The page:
A Turnaround Journey — From School Dropout to Entrepreneur, Chabala Msukwa's Story of Transformation

Today, Chawala Msukwa operates his own carpentry business, earning approximately K60,000 per month — an income he never could have imagined during his days of picking coffee berries.

Article | 12 September 2023
Chawala Msukwa at work

The weight of dropping out of primary school after three unsuccessful attempts at the Primary School Leaving Certificate of Education (PSLCE) could have permanently sealed Chawala Muskwa’s fate. At 17, he found himself adrift, having shrugged off cautionary advice to continue his education. With no support from his family due to his decision to leave school, Msukwa faced the realities of a life and work within its community, perpetuating a cycle of poverty and lack of opportunity.

“I got tired of failure in class. I decided to call it quits. Age was also catching up with me. Some of my peers were in secondary school, with a few others heading for college, I just couldn’t stand it,” he says, insisting that he applied all the tricks in the book about succeeding in school but in vain.

Now 17, Msukwa admits he did not give serious thoughts about the next steps after dropping out of school. Besides, his family hardly embraced his decision to quit school. Knowing fully well that without education his future was going to be difficult.

Though my family struggled to give us a decent life any child can dream of, I realized I was then a priority at home because I was schooling. They made sure I lacked nothing so that I could concentrate on school but I took all that for granted."

In the circumstances, I had to make money on my own and working in coffee plantations was the answer."

Chawala Msukwa
However, an opportunity appeared to join the vocational skills training program conducted by the Impact Centre for Economic Empowerment and Development (ICEED) under the ACCEL Africa project. This initiative, in collaboration with the Malawi Government through the Technical, Entrepreneurial and Vocational Education and Training Authority (TEVETA), and the Mzuzu Coffee Planters Union, aimed to equip young people like Msukwa with vocational skills to diversify their income sources and break the shackles of poverty. After a competitive selection process across the coffee farming districts of Chitipa, Mzimba, and Ntchisi, Msukwa was enrolled in a three-month carpentry and joinery course at Bowe Technical College in Kasungu. He was one of the 150 youths selected across three coffee farming districts of Chitipa, Mzimba and Ntchisi.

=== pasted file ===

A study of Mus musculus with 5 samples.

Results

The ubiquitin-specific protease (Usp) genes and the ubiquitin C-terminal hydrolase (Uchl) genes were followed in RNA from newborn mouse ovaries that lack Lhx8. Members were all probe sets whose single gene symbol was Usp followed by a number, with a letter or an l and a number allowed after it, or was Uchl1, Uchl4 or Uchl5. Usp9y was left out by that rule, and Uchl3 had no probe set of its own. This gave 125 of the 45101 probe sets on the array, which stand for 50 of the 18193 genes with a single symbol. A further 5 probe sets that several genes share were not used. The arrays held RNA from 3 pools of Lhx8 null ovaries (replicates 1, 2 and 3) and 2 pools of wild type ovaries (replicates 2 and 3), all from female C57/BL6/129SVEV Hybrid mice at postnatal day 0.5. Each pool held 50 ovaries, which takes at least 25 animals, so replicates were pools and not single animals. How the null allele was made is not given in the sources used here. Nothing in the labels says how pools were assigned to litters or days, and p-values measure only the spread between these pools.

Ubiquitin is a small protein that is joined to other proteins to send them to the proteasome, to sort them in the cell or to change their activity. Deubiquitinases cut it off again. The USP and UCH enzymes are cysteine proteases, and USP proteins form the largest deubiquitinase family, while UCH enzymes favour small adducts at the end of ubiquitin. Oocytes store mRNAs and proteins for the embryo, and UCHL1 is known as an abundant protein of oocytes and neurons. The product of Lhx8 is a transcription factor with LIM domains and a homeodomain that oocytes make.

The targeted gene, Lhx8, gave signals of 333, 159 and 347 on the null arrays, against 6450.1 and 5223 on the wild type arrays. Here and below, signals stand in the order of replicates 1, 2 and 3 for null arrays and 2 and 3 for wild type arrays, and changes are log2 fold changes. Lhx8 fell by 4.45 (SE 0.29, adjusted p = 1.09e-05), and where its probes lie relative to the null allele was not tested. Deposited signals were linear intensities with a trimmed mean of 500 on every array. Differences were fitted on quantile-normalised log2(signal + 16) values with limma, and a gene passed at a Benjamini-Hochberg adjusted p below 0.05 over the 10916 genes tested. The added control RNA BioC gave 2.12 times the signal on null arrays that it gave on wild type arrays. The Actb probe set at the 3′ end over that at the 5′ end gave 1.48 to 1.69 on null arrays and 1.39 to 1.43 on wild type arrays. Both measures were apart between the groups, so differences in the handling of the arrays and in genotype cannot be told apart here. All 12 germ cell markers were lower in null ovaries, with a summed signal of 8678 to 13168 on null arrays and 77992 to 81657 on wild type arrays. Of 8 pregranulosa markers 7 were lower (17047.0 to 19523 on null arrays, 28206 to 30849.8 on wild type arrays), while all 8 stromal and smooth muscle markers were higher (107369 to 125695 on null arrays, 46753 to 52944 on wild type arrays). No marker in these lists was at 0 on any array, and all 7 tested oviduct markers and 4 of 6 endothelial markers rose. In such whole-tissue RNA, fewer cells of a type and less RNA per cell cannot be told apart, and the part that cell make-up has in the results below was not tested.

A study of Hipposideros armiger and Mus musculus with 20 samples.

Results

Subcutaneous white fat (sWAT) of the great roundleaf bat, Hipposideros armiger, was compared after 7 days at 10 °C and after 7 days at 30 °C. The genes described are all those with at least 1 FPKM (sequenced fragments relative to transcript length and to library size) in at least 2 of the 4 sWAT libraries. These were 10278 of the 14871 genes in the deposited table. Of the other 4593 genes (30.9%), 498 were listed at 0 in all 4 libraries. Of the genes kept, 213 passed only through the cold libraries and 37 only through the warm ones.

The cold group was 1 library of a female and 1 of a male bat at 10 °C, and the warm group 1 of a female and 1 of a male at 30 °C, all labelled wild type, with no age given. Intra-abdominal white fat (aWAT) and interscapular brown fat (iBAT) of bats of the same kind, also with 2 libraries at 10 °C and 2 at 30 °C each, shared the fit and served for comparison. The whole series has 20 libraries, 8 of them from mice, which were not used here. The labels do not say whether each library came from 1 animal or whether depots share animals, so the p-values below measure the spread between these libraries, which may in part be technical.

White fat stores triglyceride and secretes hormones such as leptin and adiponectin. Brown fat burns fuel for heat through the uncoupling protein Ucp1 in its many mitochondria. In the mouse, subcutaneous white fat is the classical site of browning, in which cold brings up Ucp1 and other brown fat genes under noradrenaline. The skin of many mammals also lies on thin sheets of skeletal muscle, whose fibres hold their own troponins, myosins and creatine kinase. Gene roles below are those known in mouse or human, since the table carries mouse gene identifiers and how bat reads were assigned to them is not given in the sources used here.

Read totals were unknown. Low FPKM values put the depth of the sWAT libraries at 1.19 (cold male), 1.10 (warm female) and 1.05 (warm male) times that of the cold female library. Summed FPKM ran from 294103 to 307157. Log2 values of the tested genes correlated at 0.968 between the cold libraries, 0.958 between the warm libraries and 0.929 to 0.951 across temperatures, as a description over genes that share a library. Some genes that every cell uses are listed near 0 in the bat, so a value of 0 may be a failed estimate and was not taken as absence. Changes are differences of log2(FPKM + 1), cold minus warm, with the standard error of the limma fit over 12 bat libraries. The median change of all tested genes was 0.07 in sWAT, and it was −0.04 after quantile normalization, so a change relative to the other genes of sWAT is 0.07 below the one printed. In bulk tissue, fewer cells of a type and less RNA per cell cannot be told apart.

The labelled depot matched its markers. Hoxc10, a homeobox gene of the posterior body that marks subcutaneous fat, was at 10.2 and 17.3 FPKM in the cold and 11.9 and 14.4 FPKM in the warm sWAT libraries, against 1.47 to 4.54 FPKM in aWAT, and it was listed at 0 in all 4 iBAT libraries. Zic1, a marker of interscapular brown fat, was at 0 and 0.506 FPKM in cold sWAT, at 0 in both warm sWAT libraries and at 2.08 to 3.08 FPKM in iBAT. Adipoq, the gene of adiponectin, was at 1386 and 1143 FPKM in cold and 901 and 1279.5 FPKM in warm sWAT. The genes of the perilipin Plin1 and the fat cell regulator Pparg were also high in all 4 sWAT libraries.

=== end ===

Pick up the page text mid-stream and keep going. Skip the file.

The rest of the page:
“I did carpentry because I noted there was an untapped market for carpentry products in my area. The people here normally go to the Boma (town) to get their carpentry needs. I’m now changing that with my workshop stationed right close to their homes” he says.

When asked about how business is fairing, Msukwa boldly says that he is making good progress as he rakes in about K60 000 a month; something “I never envisioned when I was working in the coffee plantations after forsaking school.”

Today, Chawala Msukwa operates his own carpentry business, earning approximately K60,000 per month — an income he never could have imagined during his days of picking coffee berries. This transition has not only instilled in him a newfound confidence but also the objective to produce excellent work. His ambitions now include buying land to expand his workshop and investing in the education of his younger brother. “Most of my customers pay upfront so I have to deliver the products on time. I don’t have to compromise quality and durability. With me, what you order is what you get,” he says with a grin on his face.

I have now taken the responsibility of looking after my young brother. I will do everything in my power to keep him in school. I don’t want him to be like me. I dropped out of school but I’m just lucky to be where I am now. I want him to finish school."

Chawala Muskwa
According to a technical progress report by ICEED, the project, funded by the Ministry of Foreign Affairs of the Netherlands through the International Labour Organisation, has achieved its objectives. These include capacity-building for the 150 youths, diversifying their income sources, and educating them in governance and financial literacy. This initiative is part of a broader effort to eliminate child labour by tackling its root causes: poverty and a dearth of economic opportunities. Aimed at eliminating child labour in supply chains, the project was modeled to address the root cause of the vice, which is poverty and lack of economic opportunities in the sector.

The success of Chawala Msukwa serves as a testament to the transformative potential of targeted skill development programs. It highlights how community and governmental efforts can synergistically create sustainable pathways for youths at risk. By providing viable alternatives to child labor and enhancing livelihoods, the ACCEL Africa project is not only changing individual lives but is also contributing to the greater economic and social fabric of Malawi.

Such programs align with the global agenda to eradicate child labor and ensure inclusive and equitable quality education for all, thereby laying the foundation for more prosperous and sustainable communities. The story of Chawala Msukwa is but one compelling example, reminding us of the latent potential that can be unlocked through well-orchestrated, multi-stakeholder interventions.